The Future of Democracy, Freedom, and Prosperity
A simple topic for four of us to spend an hour discussing. The conclusion of my opening remarks:
one sort of maybe fictional type scenario would be that you would get a sudden sovereign debt crisis in the United States that would take place in an environment where the political feelings are frayed–there’s a lot of controversy; people no longer see the legislators and the executive as having legitimacy for solving their problems.They take to the streets. There’s fighting; there’s violence.
And at that point the people are ready to turn to some kind of dictator to resolve the violence. So that’s kind of a fictional scenario. There’s certainly you can see either economic or political ways to avoid it. But that would be sort of my one pessimistic scenario relative to maintaining our open access order. Which, if we do maintain our open access order, I think eventually we do recover prosperity and we sort of maintain freedom.
John Cochrane worries about
the vast attempt of our government to control economics from the big Dodd-Frank and Obamacare down to the small regulations against Uber and occupational licensing for hairdressers, and so forth.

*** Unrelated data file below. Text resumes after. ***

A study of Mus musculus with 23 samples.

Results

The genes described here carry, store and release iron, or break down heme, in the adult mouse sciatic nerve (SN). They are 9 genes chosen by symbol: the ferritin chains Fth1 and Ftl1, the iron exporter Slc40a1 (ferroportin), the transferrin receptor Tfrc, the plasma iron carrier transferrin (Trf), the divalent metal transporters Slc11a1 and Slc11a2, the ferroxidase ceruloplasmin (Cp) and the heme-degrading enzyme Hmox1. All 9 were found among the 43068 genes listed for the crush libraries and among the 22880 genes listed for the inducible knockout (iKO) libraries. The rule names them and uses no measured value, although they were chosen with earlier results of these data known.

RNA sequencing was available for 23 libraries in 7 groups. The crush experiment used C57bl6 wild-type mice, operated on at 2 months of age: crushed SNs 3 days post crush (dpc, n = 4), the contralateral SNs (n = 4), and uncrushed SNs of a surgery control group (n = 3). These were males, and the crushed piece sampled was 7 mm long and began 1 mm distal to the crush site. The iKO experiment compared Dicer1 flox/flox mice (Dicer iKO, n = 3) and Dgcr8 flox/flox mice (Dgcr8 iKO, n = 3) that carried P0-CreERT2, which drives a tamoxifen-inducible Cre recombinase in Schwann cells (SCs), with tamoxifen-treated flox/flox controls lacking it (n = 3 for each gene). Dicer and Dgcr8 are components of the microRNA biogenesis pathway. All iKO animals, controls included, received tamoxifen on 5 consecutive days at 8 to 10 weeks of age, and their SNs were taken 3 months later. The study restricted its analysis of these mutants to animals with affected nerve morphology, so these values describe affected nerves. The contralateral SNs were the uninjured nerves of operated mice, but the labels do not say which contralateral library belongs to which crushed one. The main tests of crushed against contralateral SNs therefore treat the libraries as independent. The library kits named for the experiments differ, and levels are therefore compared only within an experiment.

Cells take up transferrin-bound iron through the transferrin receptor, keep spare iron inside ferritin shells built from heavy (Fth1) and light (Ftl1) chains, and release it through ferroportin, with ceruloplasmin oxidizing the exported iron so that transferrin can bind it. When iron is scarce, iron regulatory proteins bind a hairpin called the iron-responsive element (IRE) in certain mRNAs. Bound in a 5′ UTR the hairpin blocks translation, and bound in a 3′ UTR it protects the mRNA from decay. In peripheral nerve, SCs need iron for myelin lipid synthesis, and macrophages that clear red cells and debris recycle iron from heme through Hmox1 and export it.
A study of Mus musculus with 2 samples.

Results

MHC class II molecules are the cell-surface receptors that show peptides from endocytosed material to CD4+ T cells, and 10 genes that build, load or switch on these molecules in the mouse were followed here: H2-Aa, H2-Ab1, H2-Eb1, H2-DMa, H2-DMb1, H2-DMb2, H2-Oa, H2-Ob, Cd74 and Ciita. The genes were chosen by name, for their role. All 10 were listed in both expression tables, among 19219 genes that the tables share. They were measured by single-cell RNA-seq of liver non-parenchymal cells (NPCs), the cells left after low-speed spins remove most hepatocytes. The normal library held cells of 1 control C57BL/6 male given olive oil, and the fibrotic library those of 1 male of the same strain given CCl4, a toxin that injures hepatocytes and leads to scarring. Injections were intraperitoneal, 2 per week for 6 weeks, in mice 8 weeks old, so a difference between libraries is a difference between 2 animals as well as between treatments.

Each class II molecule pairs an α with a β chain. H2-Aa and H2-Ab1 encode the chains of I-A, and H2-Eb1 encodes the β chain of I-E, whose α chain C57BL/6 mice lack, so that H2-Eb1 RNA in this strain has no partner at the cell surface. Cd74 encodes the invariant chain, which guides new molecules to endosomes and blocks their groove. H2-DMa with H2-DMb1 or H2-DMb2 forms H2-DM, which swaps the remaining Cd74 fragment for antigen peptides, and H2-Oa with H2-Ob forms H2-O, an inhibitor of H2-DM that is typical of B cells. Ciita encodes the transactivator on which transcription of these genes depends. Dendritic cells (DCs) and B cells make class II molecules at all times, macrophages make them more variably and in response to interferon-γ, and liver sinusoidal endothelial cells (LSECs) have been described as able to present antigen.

This enterprise has vast power. It’s increasingly politicized. And right now it’s used already to silence opposition to the regulatory fiefdoms. What bank dares to speak out against the Dodd-Frank Act? What health insurer dares to speak out against Obamacare?
It seems to me that strong regulation often has the support, or at least the acquiescence, of incumbent business interests. The question is whether potential new competition is thwarted. Lee Ohanian, another speaker in this session, is pessimistic on that score.
Another recent study found that the decline in community banking accelerated considerably in the last few years, reflecting economies of scale in managing new regulation associated with Dodd-Frank. Small Business Administration says that lending to small businesses has declined by about 20% since 2008, which was of course the year of the Great Recession. And in 2013 only 1 new bank entered the banking industry.
So you look at the outcome of Dodd-Frank–declining competition, fewer banks, lack of entry, higher costs, regulators with broad mandates who make vague and far-reaching rules–this represents a sharp departure from the clear and specific limits on government.